All in the family
Niedermayers have story to share around campfire
Posted: Thursday June 7, 2007 2:20AM; Updated: Thursday June 7, 2007 11:50AM
ANAHEIM, Calif. -- Scott Niedermayer had victoriously skated around with the Stanley Cup before. Three times to be exact. Each time he had won it, he took it back to his home in Cranbrook, British Columbia, where he would gather with friends and family for a barbeque. At sunset, they would sit around a campfire with the Cup and point out certain names etched into the silver chalice and tell stories. Everyone would get to hold the trophy and tell a tale. Well, everyone except one.
This summer, Rob Niedermayer, will finally be able to hold the Cup and tell his story. Well, their story.
"Thanks for bringing that up," jokes Rob, taking off his champagne soaked jersey. "I've seen it three times and haven't been able to touch until now. Scott's had a great career and I'm glad I finally got to win it with him."
When Scott was handed the trophy by Gary Bettman, he wasted little time in handing it over to his little brother, who couldn't contain his emotions as he hoisted the Cup above his head and kissed the center ring.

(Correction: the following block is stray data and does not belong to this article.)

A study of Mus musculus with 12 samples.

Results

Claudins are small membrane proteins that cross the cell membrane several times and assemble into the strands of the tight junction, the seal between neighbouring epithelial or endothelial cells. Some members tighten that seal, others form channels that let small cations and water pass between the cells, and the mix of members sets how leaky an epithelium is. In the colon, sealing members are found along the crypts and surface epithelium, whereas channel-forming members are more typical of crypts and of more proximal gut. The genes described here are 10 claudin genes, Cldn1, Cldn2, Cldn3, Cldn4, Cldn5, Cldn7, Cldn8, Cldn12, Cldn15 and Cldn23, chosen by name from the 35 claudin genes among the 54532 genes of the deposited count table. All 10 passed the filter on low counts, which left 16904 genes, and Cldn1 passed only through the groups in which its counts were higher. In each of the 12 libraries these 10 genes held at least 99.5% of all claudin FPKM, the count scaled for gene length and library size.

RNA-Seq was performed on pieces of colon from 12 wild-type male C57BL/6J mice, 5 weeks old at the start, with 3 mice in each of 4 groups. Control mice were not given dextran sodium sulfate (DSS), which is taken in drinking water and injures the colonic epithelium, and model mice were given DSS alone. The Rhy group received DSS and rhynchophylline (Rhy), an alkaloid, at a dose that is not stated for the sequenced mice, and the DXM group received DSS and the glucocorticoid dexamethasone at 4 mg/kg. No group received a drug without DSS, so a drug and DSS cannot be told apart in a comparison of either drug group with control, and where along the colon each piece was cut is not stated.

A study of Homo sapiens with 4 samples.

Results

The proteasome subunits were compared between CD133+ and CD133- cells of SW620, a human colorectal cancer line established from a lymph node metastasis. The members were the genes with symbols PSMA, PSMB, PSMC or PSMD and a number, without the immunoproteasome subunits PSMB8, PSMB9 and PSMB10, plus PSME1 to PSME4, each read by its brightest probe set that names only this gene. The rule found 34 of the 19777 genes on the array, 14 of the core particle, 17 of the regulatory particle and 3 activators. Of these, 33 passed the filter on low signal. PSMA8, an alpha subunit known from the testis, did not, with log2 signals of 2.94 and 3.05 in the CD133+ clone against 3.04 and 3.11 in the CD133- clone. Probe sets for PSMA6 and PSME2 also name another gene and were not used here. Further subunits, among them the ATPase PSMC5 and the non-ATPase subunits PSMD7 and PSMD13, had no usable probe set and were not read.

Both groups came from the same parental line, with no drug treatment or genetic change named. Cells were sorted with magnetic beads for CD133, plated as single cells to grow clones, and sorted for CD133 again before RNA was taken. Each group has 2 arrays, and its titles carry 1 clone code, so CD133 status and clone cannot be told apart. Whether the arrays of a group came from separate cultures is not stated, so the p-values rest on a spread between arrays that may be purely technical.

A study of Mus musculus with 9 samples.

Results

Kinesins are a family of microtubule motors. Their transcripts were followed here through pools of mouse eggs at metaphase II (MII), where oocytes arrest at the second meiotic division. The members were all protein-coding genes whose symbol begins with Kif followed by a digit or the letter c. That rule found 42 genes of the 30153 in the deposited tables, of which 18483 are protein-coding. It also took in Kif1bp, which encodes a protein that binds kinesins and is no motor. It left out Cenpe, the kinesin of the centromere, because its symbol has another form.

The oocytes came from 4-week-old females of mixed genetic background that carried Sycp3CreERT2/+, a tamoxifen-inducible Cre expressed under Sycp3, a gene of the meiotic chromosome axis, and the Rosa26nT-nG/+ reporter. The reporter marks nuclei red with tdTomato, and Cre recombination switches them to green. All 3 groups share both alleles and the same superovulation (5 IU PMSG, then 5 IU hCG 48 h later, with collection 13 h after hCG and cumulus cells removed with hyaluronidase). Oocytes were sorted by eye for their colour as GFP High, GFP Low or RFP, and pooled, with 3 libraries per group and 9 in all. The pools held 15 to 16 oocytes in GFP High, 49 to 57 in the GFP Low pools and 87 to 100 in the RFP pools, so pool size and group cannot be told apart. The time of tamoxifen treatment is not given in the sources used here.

"I couldn't really control anything after [he handed me the Cup]," said Rob, who scored Anaheim's second goal of the game. "I just felt the tears coming down. That was the proudest moment I'll ever have in my career, that's something I'll never forget and I can't put it into words right now."
It was a moment that the Niedermayers never dreamt about. Sure, Scott always hoped he'd win and Rob always hope he'd win, but for them to win it together?
"You can only dream of passing it to your brother, but I never had," said Scott, who captured his first Conn Smythe Trophy. "To be able to do that is definitely a highlight of my career."
Rob still tried to put the moment into words as champagne came pouring down on him in Anaheim's boisterous locker room.
"It's unbelievable," he said. "I don't think anything will ever compare to this in my career. I mean you work so hard, the playoffs are so tough. It's a roller-coaster ride emotionally and physically. You don't do this alone, you need every one of these guys."
Each player who skated around the ice with the Cup and passed it to their teammate was etching their own names into the Cup, with their own stories. And while looking around the Anaheim locker room, there was no shortage of feel-good stories to tell around the campfire.